Samsung flies journalist to factory. Gets what it paid for.
FORTUNE — To his credit, Business Insider‘s Steve Kovach ends his report on Samsung’s smartphone factory in Gumi, South Korea, with a disclosure:
“Samsung paid for a portion of our trip to South Korea for this story, including the flight and some meals.”
But he gets no credit for the rest of the story, which doesn’t mention Apple AAPL by name, but whose subtext is the presumed contrast to Foxconn’s factories in China where Apple’s devices are assembled — with their “crowded, disgusting worker dorms and grueling factory floor conditions.”
According to Kovach:
That’s not what Samsung’s mobile device factory in Gumi, South Korea was like when I visited in early April. The facility, which resembles a college campus more than a manufacturing center, is spotted with well-manicured outdoor recreational areas that have soothing music pumping from outdoor speakers disguised as rocks.
Inside, it’s so pristine, so clean you could eat off the floor. Fluorescent lighting reflects off the spotless, white linoleum. Visitors have to wear plastic shrinkwrap bootie things on their shoes to prevent dust and dirt from getting inside. The atmosphere is more like a sanitary hospital wing than a facility that pumps out thousands of smartphones a day.
Kovach is apparently unaware that the booties and spotless floors are common to all smartphone factories and are for the benefit of the devices, not the workers.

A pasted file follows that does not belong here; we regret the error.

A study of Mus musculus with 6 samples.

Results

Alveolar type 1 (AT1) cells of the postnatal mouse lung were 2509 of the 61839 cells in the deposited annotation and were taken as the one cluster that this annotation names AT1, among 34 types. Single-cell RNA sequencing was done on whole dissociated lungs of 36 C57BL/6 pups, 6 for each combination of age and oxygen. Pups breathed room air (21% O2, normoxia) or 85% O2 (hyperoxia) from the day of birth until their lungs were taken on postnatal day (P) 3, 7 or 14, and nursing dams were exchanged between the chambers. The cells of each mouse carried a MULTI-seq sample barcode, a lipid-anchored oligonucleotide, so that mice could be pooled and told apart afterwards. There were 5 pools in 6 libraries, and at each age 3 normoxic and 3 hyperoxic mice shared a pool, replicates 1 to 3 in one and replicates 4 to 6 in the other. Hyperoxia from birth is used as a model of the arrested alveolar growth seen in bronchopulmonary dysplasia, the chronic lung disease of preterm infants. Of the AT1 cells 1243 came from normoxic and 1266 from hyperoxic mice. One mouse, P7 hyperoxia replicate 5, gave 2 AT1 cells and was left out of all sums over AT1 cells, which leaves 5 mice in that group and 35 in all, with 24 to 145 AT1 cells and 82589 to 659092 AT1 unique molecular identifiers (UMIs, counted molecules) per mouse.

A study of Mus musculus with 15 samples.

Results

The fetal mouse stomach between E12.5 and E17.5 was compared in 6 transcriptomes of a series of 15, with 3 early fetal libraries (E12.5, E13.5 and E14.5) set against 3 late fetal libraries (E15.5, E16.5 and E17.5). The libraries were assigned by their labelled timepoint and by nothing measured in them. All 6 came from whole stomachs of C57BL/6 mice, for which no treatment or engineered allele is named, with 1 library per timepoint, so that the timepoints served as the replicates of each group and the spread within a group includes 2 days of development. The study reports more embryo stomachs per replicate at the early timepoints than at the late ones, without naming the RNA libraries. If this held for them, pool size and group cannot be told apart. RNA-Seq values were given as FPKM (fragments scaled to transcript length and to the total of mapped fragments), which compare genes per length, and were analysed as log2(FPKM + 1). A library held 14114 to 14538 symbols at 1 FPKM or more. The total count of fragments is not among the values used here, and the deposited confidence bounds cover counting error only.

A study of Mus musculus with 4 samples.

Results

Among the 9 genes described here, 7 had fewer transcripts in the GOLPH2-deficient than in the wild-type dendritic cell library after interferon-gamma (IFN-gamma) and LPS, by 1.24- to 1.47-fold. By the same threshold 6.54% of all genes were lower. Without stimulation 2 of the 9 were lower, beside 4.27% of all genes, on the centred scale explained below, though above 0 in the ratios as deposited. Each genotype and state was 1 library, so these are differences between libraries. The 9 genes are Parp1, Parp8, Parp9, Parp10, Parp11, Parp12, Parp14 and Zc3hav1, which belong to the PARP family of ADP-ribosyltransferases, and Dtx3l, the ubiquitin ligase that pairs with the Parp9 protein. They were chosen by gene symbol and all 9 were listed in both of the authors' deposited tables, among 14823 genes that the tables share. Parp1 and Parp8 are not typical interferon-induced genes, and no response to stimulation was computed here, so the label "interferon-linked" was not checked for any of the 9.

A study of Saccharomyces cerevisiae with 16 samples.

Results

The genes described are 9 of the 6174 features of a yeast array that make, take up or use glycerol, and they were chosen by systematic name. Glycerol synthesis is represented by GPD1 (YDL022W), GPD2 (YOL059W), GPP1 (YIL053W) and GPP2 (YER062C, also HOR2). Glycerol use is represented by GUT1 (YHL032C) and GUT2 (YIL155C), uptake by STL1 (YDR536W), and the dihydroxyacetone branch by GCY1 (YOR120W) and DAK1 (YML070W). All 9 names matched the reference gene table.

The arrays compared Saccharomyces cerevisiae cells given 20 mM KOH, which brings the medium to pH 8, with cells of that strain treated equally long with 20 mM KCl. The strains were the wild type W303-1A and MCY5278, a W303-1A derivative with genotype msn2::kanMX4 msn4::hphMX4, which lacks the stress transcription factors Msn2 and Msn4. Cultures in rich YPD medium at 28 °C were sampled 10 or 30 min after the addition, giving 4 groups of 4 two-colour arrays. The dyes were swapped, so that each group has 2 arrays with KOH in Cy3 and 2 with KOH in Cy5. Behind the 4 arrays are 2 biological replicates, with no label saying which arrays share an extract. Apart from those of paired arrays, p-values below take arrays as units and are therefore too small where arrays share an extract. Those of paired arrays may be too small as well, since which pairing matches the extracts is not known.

And if he had done his due diligence he would have discovered that Samsung’s devices are also manufactured in Vietnam, Malaysia, Hungary, Slovakia, Romania and even Foxconn’s Chinese factories, and that there have been complaints.
Kovach’s readers were quick to point out his oversight.
“Eat off the floor — just remember to step over the bodies first,” wrote a commentator called Duh who rattled off a list of Samsung labor problems that anyone could discover with a simple Google search:
The death by carbon dioxide of a 52-year-old worker in Suwon, South Korea
The injury of three workers after a hydrofluoric acid leak at Samsung’s main chip plant in Hwaseong
Reports, via China Labor Watch, of excessive working hours, exhausting rates of work, child workers, insufficient safety training, regular verbal abuse by management and workers forced to work barefoot.See More labor abuse in Samsung phone factory.
UPDATE: Kovach responds that his story does offer this caveat, which in fairness I should have mentioned:
“The Gumi factory isn’t Samsung’s only manufacturing facility where it makes the Galaxy S5 and other gizmos. Samsung has factories all of the world, so it’s tough to tell if what I saw in Gumi is representative of the company’s entire manufacturing network. It’s very possible things aren’t as rosy in the poorer countries where Samsung operates.”